Kenyon Wallace and Matthew Coutts, National Post
January 2, 2010
The Commissioner of the Ontario Provincial Police must face an accusation that he illegally tried to influence public officials by threatening them, a Criminal Code offence, a court has ruled.
A judge has ordered a justice of the peace to issue a charge against Commissioner Julian Fantino, after the former Toronto police chief sent an allegedly threatening email to politicians in Caledonia, Ont., about supporting protests against aboriginal land occupation.
Under the Dec. 31 Ontario Superior Court order, Commissioner Fantino will face one count of attempting to influence a municipal official in relation to an April 7, 2007 email to Haldimand County's mayor and councillors.
In the email, Commissioner Fantino warned the politicians not to support anti-occupation protests. The Commissioner wrote that he would hold the county directly accountable for any injuries suffered by OPP officers during protests by a contentious group known as "Caledonia Wake Up Call."
He also warned that he would advise the Ministry of Community Safety and Correctional Services not to renew the OPP's contract with Haldimand County for policing once it expired if councillors supported the protest group, led by activist Gary McHale.
The accusation of influence peddling had been dismissed by a lower court earlier this year, but was ordered to be processed by Judge David Crane this week.
A conviction for influencing or attempting to influence a public official can carry a sentence of up to five years in prison.
OPP spokesman Sergeant Pierre Chamberland would not comment on the decision earlier this week, saying that the force had not received formal notice of Judge Crane's ruling.
The ruling was hailed as "huge" by Mr. McHale, who brought the criminal charge against Commissioner Fantino.
"The OPP and the Crown have acted as though somehow the police and government are exempt from criminal charges," he said. "This is an attack on democracy itself. Because there's a hands-off approach to native crime, citizens aren't protected by the Criminal Code."
In 2006, members of the Six Nations of the Grand River began demonstrating in Caledonia, about 20 kilometres southwest of Hamilton, purportedly to raise awareness about land claim issues in Ontario. They have been in control of a disputed parcel of land since then, resulting in clashes between native protestors, residents and police.
Residents caught in the crossfire have complained that the Ontario government and OPP have failed to protect them, leading to citizen protests. Mr. McHale claims that as soon as council received Commissioner Fantino's letter, official support for his efforts dried up. "The intimidation did work," he said.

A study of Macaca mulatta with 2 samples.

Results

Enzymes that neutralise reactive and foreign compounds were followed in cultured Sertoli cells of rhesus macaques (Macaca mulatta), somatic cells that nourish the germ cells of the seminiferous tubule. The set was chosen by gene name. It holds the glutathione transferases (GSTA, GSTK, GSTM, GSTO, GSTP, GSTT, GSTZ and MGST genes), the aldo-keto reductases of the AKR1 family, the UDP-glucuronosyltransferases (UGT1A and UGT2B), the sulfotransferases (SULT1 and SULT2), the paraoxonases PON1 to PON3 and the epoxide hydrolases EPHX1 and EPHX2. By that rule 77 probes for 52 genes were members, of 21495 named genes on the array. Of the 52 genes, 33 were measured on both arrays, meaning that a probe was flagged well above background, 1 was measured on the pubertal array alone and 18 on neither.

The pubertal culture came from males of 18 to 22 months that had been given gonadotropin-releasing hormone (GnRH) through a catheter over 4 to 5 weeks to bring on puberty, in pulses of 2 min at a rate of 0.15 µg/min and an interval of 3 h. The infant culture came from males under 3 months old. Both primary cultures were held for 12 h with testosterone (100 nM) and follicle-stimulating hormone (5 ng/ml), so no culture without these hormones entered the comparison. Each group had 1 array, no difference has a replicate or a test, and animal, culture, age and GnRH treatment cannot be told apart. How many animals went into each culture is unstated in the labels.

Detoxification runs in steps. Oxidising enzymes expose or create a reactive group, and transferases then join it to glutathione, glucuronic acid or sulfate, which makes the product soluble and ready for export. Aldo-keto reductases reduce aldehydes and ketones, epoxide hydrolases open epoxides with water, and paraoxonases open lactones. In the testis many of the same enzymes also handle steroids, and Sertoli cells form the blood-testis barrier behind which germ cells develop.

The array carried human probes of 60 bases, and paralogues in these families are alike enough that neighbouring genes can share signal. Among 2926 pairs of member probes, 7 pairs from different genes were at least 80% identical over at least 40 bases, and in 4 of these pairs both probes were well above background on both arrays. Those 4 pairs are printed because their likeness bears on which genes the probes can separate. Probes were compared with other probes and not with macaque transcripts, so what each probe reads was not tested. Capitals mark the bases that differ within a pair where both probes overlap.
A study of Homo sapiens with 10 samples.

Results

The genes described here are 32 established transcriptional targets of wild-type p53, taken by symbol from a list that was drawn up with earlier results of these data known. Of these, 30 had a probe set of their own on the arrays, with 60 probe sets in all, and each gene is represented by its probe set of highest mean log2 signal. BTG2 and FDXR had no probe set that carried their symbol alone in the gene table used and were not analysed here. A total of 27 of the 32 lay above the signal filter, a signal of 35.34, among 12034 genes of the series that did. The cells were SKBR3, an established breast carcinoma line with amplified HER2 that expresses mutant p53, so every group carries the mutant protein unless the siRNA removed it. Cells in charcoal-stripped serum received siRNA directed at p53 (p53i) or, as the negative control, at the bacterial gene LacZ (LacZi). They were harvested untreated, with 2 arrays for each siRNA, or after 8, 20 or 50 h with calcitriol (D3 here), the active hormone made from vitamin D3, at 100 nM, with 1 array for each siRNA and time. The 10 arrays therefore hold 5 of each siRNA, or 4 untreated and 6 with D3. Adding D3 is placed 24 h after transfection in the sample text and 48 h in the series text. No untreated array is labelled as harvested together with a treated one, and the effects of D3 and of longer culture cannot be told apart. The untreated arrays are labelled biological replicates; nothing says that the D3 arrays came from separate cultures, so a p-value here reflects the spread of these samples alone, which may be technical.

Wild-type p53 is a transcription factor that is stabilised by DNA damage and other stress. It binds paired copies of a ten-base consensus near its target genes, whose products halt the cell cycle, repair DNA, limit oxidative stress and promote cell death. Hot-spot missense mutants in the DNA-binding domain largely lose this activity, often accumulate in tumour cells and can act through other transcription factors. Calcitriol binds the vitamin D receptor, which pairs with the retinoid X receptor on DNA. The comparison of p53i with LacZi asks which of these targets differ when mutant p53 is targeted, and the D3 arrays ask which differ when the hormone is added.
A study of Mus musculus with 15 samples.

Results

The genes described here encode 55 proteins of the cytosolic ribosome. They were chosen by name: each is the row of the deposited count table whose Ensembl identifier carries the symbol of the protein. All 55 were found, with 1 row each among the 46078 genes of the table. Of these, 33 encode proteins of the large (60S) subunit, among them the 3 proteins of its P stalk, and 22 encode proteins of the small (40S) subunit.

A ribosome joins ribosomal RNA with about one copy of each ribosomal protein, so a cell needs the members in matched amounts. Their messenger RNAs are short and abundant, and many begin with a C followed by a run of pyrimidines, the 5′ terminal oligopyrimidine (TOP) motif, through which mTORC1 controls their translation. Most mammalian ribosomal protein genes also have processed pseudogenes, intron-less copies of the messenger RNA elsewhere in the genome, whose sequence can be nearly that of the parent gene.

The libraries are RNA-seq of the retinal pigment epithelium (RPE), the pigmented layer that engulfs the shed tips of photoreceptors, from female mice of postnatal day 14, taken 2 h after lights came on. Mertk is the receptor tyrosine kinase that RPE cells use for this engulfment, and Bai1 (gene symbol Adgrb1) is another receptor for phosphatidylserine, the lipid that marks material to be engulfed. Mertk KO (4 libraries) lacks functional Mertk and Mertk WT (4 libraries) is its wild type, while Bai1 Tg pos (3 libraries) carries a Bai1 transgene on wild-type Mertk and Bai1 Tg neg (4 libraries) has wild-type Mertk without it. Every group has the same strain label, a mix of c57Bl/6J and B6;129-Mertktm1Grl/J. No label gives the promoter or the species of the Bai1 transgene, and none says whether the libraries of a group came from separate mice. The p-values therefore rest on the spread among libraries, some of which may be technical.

In his email, Commissioner Fantino called Mr. McHale a "lightning rod for confrontation and potential violence" and took umbrage with apparent support shown by Haldimand Councillor Craig Grice.
"I know that Councillor Grice has some personal issues that he finds particularly aggravating, however, we never expected that he would fall prey to McHale's propaganda and it is now up to you as a council to deal with the fallout," he wrote.
Mr. Grice said on Thursday Commissioner Fantino's letter was sparked by an email he had sent to a local citizen -- later posted online--in which he criticized Mr. McHale but commended the activist for bringing attention to the Caledonia standoff. He said Commissioner Fantino's letter intimidated him.
"I believe there is no doubt that the email sent was inappropriate. It shocked me, coming from the commissioner. It was disappointing to see it happen," Mr. Grice said.
Earlier this year, a justice of the peace refused to issue a summons to Commissioner Fantino, finding that while he had no doubt Mayor Marie Trainer and Mr. Grice saw the email as threatening, there was no evidence they were influenced by it.
However, Ontario Superior Court Judge Crane said in his ruling on Thursday that determining whether the Mayor and county council had been influenced was not an essential element in deciding whether to issue the summons. He therefore ordered a justice of the peace to sign the charge brought forward by Mr. McHale in a process known as mandamus, a rare order compelling a lower court to perform its duties properly.
Steve Skurka, a partner at Toronto law firm Skurka & Spina LLP, said the case will now return to lower court so a judicial officer can "issue process." The case will be turned over to the Ministry of the Attorney-General and, as in any other prosecutions, it will be up to the Crown to determine how to proceed with the charge.
"They could still withdraw the charge and not proceed with it, that's a different issue... but that adds a layer of accountability. That's not something to be done capriciously, when you have a Superior Court judge saying issue process," he said.
Valerie Hopper, spokeswoman for the Ministry of the Attorney General, said the ministry was aware of the ruling and would be reviewing it. "But as this matter is before the courts, we won't be commenting further at this time."